They call it a "blues party" but they really aren’t playing the blues. Yet, this 1979 West London get-together is not so different from a swing-era Harlem rent party or a hill country hootenanny. It is all about feeling the groove and hopefully your dance partner, while someone makes a little change at the door in Steve McQueen’s Lovers Rock, the second installment of his Small Axe film sequence, which premieres today on Amazon Prime.
They had to take all the furniture out to fit all the people they expected, but space will still be tight. Of course, that is the point. This is way, way before the era of social distancing. If Martha and her friend Patty meet a fellow they are interested in, they will definitely want to dance slow and close. Franklyn obviously catches Martha’s eye and vice versa. Unfortunately, his wingman crashed and burned with Patty, but that will not sabotage their mutual attraction.
Some of the music heard in Lovers Rock isn’t what fans of the subgenre might immediately think of “Lovers Rock” either, particularly not Carl Douglas’s “Kung Fu Fighting.” Menelik Shabazz’s The Story of Lover’s Rock (which used an apostrophe) provides an excellent survey of the music, which derived from reggae, but was smoother, more romantic, and less political than the Jamaican-based variety of the period (ironically, considering the polemical nature of the other Small Axe films). However, it features the song that was arguably Lovers Rock’s greatest hit, Janet Kay’s “Silly Games,” in a truly show-stopping sequence. First, we watch the dancers grind to Kay’s record and then we hear the entire house sing the lyrics as an ecstatic a cappella chorus.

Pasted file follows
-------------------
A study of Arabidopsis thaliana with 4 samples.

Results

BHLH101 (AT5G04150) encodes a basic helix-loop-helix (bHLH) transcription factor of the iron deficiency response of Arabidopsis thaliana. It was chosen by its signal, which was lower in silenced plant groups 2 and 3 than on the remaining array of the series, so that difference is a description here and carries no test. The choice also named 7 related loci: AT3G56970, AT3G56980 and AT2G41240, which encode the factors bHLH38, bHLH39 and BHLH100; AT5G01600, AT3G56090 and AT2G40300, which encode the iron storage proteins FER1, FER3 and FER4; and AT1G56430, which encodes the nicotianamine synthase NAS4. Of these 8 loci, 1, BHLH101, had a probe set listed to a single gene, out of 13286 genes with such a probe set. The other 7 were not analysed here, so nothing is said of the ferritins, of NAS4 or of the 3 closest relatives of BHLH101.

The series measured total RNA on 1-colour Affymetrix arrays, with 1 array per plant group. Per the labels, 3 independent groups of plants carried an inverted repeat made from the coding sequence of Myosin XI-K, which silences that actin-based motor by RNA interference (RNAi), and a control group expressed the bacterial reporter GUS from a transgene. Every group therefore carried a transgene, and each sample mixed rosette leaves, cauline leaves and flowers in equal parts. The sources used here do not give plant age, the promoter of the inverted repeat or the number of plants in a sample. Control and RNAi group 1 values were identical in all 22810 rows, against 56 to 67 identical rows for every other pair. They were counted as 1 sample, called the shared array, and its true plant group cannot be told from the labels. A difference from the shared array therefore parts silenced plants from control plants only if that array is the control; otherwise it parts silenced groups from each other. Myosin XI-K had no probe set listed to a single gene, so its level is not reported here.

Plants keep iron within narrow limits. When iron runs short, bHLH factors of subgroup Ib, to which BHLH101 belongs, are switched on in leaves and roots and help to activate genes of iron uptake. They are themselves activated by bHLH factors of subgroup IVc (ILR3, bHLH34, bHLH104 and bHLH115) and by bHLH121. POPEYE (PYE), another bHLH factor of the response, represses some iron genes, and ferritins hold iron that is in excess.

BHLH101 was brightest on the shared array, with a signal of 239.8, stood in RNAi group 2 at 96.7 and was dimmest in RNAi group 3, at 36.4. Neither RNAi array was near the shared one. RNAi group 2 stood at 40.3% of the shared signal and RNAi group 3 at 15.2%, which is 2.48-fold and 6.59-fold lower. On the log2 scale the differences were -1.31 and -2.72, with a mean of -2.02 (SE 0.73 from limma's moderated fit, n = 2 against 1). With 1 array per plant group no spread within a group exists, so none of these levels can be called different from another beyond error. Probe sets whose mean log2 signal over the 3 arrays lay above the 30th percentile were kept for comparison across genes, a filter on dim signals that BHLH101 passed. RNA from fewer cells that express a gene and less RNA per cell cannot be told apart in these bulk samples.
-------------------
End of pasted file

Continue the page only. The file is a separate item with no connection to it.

McQueen would have been a terrific music video director during the 1980s—and that is not meant as a slight. Quite the contrary. Every shot seems to marry-up seamlessly with the beats of the soundtrack, while cinematographer Shabier Kirchner’s close-ups bring out the passion and the frustration of the characters. However, the sense that one of the more predatory guests is likely to overstep the bounds of propriety before the end of the night adds an uneasy vibe that prevents viewers from casting their cares away and simply enjoying the show. Of course, that also gives the film most of its dramatic tension.
At a mere 70-mintues (counting every second of the end titles), Lovers Rock is definitely on the short side and the narrative could not be much simpler, but it is visually striking period production. It immerses viewers in the sights, sounds, and body heat of the late 1970s blues party scene. Taken individually, Lovers Rock is a relatively small film that stands well enough on its own. Recommended for fans of Lovers Rock music, Small Axe: Lovers Rock starts streaming today (11/27) on Amazon.